24 Apr 2015

Disappearance of bees a mystery

3:45 pm on 24 April 2015

Bee scientists have been left baffled by the disappearance of thousands of honey bees from hives last spring, and say unless it happens again, it remains a mystery as to what caused it.

The industry is taking steps to form a single organisation to represent it.

Photo: RNZ / Diego Opatowski

Plant and Food research bee scientist Mark Goodwin said last October a number of bee keepers from around the country began reporting strange symptoms occurring in their hives.

He said bees usually rebuilt their colonies in spring after winter, however, large numbers of bees were disappearing from hives in the Coromandel, Raglan and Wairarapa areas.

"So instead of having a queen and a lot of brood - that's larvae and pupa - and about 30 or 40,000 bees, when the bee keeper came back a few weeks later ... suddenly there were no bees there at all, there was a queen and about a hand full of bees and everybody else had gone. And we saw that in whole apiaries and between apiaries and then we were getting reports from beekeepers elsewhere in the North Island that were noticing very similar things."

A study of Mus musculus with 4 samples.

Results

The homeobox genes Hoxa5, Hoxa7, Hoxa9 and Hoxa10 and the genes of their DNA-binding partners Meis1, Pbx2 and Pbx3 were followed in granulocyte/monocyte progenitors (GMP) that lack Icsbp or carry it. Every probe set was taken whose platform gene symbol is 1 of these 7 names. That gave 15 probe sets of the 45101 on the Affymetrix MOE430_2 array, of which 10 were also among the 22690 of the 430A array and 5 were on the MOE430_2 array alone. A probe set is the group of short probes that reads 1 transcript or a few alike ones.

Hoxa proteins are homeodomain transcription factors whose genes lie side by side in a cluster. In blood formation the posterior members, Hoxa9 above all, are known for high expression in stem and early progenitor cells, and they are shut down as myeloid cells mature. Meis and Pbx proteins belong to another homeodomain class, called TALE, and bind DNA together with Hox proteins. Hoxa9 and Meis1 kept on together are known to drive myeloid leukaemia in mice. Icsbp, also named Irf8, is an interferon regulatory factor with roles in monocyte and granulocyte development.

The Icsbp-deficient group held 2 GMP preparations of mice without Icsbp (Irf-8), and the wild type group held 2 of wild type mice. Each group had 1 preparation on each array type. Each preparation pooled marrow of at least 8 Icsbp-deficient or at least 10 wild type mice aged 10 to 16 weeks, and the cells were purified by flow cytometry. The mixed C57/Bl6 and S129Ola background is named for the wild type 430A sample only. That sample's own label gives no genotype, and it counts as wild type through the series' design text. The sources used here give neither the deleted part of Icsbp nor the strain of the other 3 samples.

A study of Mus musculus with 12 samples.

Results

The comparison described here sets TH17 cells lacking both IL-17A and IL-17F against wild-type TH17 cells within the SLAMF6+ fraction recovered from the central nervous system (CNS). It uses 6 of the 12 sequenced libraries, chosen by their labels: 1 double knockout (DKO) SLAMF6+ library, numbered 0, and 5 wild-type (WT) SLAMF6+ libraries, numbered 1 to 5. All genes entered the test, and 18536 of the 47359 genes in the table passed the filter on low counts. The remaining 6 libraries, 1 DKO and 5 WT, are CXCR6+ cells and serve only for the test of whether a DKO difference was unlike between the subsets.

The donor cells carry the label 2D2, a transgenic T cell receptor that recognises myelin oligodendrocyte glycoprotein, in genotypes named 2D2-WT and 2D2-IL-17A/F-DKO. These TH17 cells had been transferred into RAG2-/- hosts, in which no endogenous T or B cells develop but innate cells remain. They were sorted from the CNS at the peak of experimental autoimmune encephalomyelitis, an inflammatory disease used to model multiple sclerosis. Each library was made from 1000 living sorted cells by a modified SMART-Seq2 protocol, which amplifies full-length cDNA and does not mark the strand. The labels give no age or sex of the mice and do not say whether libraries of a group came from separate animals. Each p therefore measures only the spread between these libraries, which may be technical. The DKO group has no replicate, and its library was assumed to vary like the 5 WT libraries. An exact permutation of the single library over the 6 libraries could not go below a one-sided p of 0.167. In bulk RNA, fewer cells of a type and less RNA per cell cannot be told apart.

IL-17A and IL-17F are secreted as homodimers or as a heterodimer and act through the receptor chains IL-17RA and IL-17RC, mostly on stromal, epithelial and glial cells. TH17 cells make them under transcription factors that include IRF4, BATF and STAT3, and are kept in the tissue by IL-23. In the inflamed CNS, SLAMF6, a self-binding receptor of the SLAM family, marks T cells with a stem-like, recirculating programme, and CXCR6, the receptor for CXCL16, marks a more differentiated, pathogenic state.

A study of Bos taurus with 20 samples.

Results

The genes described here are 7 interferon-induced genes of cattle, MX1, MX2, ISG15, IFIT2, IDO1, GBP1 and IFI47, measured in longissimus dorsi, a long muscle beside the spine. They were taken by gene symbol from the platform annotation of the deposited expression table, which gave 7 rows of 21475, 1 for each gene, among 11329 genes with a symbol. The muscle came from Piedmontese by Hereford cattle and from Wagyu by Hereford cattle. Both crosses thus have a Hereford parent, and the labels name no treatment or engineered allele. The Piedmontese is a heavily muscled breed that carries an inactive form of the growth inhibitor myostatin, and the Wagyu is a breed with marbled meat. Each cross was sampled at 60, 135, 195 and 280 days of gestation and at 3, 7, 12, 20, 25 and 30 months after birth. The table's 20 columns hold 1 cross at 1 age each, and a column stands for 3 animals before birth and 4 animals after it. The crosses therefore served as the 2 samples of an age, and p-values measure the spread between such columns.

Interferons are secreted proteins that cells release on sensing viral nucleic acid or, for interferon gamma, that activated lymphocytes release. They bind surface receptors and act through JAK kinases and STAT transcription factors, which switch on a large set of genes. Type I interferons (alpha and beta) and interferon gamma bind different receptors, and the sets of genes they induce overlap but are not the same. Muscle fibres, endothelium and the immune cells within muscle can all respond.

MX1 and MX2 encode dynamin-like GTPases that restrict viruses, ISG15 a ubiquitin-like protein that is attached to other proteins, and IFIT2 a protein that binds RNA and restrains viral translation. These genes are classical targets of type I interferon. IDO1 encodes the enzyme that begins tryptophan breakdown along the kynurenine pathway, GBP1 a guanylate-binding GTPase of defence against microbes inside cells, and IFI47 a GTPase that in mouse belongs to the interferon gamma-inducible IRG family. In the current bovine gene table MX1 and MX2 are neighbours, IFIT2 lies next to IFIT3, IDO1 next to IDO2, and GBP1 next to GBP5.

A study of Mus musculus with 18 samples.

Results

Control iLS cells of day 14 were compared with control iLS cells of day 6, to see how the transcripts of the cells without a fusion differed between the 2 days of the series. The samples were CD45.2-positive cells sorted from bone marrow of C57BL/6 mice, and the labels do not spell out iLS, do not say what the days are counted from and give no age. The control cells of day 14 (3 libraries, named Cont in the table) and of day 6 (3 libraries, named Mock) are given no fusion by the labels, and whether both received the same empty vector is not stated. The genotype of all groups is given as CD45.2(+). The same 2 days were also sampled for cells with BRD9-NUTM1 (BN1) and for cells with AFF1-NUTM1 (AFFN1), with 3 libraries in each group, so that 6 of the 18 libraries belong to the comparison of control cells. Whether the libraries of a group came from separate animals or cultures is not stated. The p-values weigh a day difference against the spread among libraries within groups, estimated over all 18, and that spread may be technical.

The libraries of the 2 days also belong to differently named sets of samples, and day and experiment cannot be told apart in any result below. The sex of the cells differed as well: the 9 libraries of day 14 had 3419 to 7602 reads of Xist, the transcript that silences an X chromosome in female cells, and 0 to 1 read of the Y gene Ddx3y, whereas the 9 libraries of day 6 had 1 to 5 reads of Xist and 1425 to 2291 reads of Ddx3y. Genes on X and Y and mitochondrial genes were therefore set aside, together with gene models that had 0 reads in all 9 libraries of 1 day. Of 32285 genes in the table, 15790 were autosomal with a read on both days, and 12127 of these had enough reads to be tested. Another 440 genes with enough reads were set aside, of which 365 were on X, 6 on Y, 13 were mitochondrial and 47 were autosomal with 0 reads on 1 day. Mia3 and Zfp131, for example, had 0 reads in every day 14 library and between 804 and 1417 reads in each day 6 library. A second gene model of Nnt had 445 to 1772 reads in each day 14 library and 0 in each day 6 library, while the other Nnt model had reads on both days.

Dr Goodwin said it had left him, bee keepers, and the Ministry for Primary Industries which was also trying to work out what happened, scratching their heads.

"For 25,000 bees to leave a hive and go somewhere else is usually a symptom of a disease of some description and when a colony dies of varroa, the reason the varroa kills the bees is that it spreads viruses from bee to bee and then the typical behaviour of a bee that's sick is that it flies away some where and dies ... but when you get a large number of bees disappearing, in this case nearly everything, it suggests they're all sick for some reason and have decided to go out and die some where else."

Dr Goodwin said a relatively new disease to affect New Zealand honey bees, nosema ceranae, could be the cause.

"It's a gut parasite that has jumped species from another species of Asian bee and some how found its way to New Zealand and it was located first off in the same sorts of locations in the Coromandel where most of these bee losses had been occurring, so it's tempting to think that there's a relationship between them and when we got bees tested, they came back with high levels of this gut parasite, but they also came back with high levels of viruses as well, so what's cause and effect here we don't know."